PayPal bttn for Commerce


PayPal bttnIn my first rotation of PayPal’s Technology Leadership Program (TLP), I was fortunate enough to work on our Western Europe region out of our Paris office. The team there wanted to tap into the Internet of Things (IoT) market and with PayPal’s strategic movement from just a button on a website to existing across all contexts – including the offline world — it was clear that a physical button that integrates with our Braintree APIs was something worth investigating.

After some investigation, we found, a start-up that has an innovative approach to buttons and is based out of Helsinki, Finland. Over the course of a few months, we had a working prototype, and today we have open-sourced this integration to allow anyone to integrate a bttn with PayPal. This technology will allow a business to associate their customer in a Braintree vault to a physical button and can be used over cell data, wifi, or the Sigfox network.

This product realizes the full potential of bttn and a Braintree-enabled merchant account in a way that most people might not think of. In order to avoid any database usage, the code was written to leverage both Braintree and bttn features that allowed for us to save information in these systems without the need for a database. All of this was done with a very small amount of code.

This first comes into play in recording the status of a bttn. There are two custom Braintree fields that are important to discuss. bttn_status is defined as either ACTIVE: Able to be used by a consumer, ONBOARDED: The consumer has shown interested in receiving a bttn or the bttn is being sent to the consumer, or UNREGISTERED: The consumer no longer has a button linked to their account in the merchant’s Braintree vault. A bttn_code is the unique code that is generated by bttn after the bttn has been registered. An example of the function to update bttn_status is supplied below.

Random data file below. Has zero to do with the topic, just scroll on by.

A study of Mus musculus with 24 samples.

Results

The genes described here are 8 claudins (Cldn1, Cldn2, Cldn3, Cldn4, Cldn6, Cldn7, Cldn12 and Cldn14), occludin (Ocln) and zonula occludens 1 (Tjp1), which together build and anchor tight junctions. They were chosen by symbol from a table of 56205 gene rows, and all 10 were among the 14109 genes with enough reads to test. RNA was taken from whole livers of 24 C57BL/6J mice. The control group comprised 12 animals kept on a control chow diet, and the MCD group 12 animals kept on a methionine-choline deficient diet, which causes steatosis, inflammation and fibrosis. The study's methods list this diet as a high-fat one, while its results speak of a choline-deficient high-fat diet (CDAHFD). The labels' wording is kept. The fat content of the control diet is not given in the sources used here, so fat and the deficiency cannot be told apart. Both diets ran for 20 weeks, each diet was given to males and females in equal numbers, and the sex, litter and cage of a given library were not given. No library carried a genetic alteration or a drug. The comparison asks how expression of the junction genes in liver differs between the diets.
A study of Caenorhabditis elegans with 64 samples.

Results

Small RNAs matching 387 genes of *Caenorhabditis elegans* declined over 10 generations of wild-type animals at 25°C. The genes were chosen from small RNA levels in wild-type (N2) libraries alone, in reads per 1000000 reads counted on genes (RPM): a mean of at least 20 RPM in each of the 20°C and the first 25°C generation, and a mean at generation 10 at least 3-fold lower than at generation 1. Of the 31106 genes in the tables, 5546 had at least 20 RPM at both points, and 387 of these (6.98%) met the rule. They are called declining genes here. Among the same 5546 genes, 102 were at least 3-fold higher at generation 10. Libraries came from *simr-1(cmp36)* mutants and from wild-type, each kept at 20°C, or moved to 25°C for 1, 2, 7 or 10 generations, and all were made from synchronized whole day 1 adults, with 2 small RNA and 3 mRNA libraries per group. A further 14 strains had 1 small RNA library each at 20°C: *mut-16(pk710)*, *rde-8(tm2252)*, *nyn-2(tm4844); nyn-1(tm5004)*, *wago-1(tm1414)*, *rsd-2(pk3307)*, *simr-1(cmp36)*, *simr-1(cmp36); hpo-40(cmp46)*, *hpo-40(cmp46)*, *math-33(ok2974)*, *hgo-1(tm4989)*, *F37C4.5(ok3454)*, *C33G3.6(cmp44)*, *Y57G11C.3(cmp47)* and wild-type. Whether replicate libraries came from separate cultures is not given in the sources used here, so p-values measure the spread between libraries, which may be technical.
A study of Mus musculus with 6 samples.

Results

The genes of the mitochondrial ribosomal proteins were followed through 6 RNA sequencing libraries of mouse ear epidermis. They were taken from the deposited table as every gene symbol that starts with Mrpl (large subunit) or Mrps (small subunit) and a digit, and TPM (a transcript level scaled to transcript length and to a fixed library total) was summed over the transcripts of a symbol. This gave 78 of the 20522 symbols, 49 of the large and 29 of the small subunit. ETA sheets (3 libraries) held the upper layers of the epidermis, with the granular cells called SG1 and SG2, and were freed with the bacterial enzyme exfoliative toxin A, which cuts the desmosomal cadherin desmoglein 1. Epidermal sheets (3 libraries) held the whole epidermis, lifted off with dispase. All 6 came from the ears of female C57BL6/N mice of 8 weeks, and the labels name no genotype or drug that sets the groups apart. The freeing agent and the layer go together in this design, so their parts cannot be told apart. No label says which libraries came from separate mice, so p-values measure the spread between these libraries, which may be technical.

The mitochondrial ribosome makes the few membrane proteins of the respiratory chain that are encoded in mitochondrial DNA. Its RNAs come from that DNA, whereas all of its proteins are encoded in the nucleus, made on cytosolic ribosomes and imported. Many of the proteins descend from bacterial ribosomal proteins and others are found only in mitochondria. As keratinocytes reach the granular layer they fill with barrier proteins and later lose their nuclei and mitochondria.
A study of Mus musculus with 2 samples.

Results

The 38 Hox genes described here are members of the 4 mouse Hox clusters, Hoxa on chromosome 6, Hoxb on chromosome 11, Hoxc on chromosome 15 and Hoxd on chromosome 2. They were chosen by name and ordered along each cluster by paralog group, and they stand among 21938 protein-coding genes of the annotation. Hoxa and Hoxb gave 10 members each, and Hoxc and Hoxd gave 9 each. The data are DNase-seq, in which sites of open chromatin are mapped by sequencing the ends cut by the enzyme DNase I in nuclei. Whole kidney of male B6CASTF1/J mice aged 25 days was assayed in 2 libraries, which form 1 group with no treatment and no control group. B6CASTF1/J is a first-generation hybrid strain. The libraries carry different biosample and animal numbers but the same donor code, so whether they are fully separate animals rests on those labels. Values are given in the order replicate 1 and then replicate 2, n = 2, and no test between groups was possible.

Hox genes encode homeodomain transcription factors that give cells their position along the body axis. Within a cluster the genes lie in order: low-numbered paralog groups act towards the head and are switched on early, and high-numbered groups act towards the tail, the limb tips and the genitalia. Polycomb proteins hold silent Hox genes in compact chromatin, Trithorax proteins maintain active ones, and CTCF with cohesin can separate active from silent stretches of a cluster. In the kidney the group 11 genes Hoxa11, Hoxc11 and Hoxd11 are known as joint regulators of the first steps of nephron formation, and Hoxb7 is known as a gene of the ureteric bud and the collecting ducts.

function updateButtonStatusOnBraintree($braintreeCustomerId, $status)
  $statuses = array("ACTIVE", "ONBOARDED", "UNREGISTERED");
  if( !in_array($status, $statuses) )
    die("Status: $status not in list of valid statuses.");

  $updateResult = Braintree_Customer::update(
      'customFields' => array(
        "bttn_status" => $status
  return $updateResult->success;

See web/lib/braintree.php for more details.

Once the bttn is associated with a consumer, another call to the bttn API to associate metadata with the bttn must be performed. This is where the Braintree Customer ID, bt_id, is stored along with charge_type and url. The url parameter is called whenever the bttn is pressed. In our case, this happens to be process_button_push.php. The charge_type parameter indicates whether the payment should be fixed price (a single amount), reorder (charge the customer’s previous order amount), or selection (send the customer a selection of things to purchase via email, SMS, or push notification).
We have worked with bttn to make getting started easy.

  1. Purchase a bttn and fill out this form to enable the bttn-for-commerce integration. You will receive an email from bttn with your BTTN_API_KEY and BTTN_API_MERCHANT_NAME.
  2. When you receive your button, register it.
  3. Apply the bttn-for-commerce action to your bttn.

More specific steps and screenshots are available in the paypal-bttn GitHub project which is meant to be a proof of concept.

Greg Vannoni

Greg is in PayPal's Technology Leadership Program (TLP) where he was able to work in Paris, Boston, and now San Jose. Over the last year and a half, this rotational program has involved business development, marketing, sales, finance, data analytics, product ownership, professional services, and software development. Before TLP, Greg was in PayPal's Site Reliability Engineering team focusing on PayPal Credit.